Over the past thirty years, the study of international political economy underwent a remarkable resurgence. Virtually nonexistent before 1970 as a field of study, international political economy is now a popular area of specialization for both undergraduates and graduate students, as well as the source of much innovative and influential scholarship. The revival of international political economy after nearly forty years of dormancy enriched both social science and public debate, and promises to continue to do both.
International political economy is the study of the interplay of economics and politics in the world arena. In the most general sense, the economy can be defined as the system of producing, distributing, and using wealth; politics is the set of institutions and rules by which social and economic interactions are governed.
Political economy has a variety of meanings. For some, it refers primarily to the study of the political basis of economic actions, the ways in which government policies affect market operations. For others, the principal preoccupation is the economic basis of political action, the ways in which economic forces mold government policies. The two focuses are, in a sense, complementary, for politics and markets are in a constant state of mutual interaction.
Most markets are governed by certain fundamental laws that operate more or less independently of the will of firms and individuals. Any shopkeeper knows that an attempt to raise the price of a readily available and standardized product a pencil, for example above that charged by nearby and competing shopkeepers will rapidly cause customers to stop buying pencils at the higher price.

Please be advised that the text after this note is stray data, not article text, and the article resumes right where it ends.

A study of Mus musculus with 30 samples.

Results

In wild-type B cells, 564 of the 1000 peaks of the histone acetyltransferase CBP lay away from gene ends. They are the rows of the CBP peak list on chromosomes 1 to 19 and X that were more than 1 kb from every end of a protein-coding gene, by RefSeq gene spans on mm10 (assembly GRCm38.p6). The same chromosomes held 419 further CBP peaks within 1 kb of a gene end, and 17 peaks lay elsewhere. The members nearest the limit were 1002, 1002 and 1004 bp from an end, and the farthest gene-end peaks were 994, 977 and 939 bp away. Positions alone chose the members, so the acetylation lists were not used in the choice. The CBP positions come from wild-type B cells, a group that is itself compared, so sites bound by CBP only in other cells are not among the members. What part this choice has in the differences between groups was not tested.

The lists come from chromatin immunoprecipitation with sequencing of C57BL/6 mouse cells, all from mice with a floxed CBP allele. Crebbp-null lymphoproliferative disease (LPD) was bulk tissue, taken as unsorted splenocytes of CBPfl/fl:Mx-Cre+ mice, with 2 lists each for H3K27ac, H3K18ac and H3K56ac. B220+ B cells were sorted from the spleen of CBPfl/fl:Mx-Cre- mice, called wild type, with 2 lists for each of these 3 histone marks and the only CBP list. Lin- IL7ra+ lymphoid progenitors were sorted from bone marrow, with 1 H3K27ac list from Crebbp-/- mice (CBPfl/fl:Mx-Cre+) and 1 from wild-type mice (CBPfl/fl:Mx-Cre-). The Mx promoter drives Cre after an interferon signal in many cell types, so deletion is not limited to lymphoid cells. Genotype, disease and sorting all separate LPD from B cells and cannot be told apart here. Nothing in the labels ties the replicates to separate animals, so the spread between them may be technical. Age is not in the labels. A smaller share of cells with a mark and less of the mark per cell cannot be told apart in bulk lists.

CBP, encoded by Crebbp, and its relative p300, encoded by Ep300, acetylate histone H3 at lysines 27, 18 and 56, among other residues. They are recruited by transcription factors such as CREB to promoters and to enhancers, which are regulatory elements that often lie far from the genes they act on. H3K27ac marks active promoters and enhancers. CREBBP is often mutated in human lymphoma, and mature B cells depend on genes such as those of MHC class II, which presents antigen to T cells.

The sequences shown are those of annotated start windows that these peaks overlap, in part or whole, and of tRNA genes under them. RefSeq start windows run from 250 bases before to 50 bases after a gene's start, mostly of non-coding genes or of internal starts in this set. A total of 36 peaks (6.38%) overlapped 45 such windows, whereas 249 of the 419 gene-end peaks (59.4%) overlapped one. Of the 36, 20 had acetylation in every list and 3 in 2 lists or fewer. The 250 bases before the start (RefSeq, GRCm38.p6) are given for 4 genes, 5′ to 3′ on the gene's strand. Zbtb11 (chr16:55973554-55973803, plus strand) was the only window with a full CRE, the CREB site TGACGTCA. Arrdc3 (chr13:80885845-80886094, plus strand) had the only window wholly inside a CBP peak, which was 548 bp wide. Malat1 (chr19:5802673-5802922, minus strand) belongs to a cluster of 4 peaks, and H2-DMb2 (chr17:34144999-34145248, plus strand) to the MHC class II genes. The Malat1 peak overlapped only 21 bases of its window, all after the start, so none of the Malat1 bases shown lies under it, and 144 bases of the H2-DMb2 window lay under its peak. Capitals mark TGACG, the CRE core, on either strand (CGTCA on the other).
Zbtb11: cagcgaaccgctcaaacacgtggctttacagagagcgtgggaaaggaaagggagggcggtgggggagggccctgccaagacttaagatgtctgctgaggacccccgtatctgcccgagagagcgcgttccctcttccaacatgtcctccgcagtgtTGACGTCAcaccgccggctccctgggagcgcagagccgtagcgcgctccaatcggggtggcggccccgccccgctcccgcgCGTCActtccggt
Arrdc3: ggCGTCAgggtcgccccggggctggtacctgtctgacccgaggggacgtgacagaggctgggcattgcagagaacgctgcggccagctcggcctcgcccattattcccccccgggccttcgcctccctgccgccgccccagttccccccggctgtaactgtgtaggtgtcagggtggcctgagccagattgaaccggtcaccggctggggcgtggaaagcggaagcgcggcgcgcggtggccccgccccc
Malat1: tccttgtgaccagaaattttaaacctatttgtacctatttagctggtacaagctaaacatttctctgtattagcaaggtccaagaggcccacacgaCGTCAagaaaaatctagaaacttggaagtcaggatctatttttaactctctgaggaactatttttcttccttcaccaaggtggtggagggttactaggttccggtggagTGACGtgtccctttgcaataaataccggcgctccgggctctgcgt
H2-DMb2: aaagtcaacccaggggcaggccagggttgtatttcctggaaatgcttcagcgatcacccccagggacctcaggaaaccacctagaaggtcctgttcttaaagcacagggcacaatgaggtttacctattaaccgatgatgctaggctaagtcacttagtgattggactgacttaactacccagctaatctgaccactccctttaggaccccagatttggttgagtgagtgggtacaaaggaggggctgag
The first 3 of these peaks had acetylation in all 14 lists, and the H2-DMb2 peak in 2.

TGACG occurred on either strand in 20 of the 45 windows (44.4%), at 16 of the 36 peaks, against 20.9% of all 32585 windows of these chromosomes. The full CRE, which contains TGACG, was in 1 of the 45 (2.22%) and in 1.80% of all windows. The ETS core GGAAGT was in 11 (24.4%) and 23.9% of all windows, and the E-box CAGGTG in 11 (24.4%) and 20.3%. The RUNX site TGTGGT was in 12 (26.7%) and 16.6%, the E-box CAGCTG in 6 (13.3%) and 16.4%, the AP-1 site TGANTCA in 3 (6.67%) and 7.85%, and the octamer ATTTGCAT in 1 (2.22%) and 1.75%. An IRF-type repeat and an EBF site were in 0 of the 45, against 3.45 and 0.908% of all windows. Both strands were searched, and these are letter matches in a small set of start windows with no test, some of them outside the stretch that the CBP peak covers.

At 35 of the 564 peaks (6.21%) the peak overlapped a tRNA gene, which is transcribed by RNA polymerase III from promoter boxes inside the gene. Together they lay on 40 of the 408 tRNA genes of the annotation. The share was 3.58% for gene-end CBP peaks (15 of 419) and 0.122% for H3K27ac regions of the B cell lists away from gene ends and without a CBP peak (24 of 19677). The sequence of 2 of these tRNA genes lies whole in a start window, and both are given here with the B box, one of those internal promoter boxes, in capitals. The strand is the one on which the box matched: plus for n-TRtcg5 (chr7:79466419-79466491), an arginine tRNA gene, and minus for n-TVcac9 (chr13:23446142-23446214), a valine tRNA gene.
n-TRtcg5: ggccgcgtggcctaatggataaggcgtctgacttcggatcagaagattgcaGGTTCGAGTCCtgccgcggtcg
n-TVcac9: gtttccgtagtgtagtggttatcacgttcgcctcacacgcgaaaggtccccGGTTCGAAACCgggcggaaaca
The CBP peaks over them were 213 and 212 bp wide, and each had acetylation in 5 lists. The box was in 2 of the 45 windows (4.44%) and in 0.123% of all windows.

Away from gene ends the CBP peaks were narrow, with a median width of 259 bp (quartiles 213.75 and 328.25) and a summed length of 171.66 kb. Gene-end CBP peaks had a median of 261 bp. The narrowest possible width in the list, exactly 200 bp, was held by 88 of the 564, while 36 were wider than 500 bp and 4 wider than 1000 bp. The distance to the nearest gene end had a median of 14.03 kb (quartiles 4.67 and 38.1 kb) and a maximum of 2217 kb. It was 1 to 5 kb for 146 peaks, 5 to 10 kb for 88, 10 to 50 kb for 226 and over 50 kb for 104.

Unless the shopkeeper wants to be left with piles of unsold pencils, he or she will have to bring the price back into line with “what the market will bear.” The shopkeeper will have learned a microcosmic lesson in what economists call market-clearing equilibrium, the price at which the number of goods supplied equals the number demanded—the point at which supply and demand curves intersect.
carefully specified parameters, markets operate in and of themselves to maintain a balance between supply and demand. Other things being equal, if the supply of a good increase far beyond the demand for it, the good’s price will be driven down until demand rises to meet supply, supply falls to meet demand, and market-clearing equilibrium is restored. By the same token, if demand exceeds supply, the good’s price will rise, thus causing demand to decline and supply to increase until the two are in balance.
If the international and domestic economies functioned as perfectly competitive markets, they would be relatively easy to describe and comprehend. But such markets are only highly stylized or abstract models, which are rarely reproduced in the real world. A variety of factors influence the workings of domestic and international markets in ways that a focus on perfectly competitive and unchanging market forces does not fully capture.
Consumer tastes can change how large is the American market for spats or sarsaparilla today? as can the technology needed to make products more cheaply, or even to make entirely new goods that displace others (stick shifts for horsewhips, calculators for slide rules). Producers, sellers, or buyers of goods can band together to try to raise or lower prices unilaterally, as the Organization of Petroleum Exporting Countries (OPEC) did with petroleum in 1974 and 1979. And governments can act, consciously or inadvertently, to alter patterns of consumption, supply, demand, prices, and virtually all other economic variables.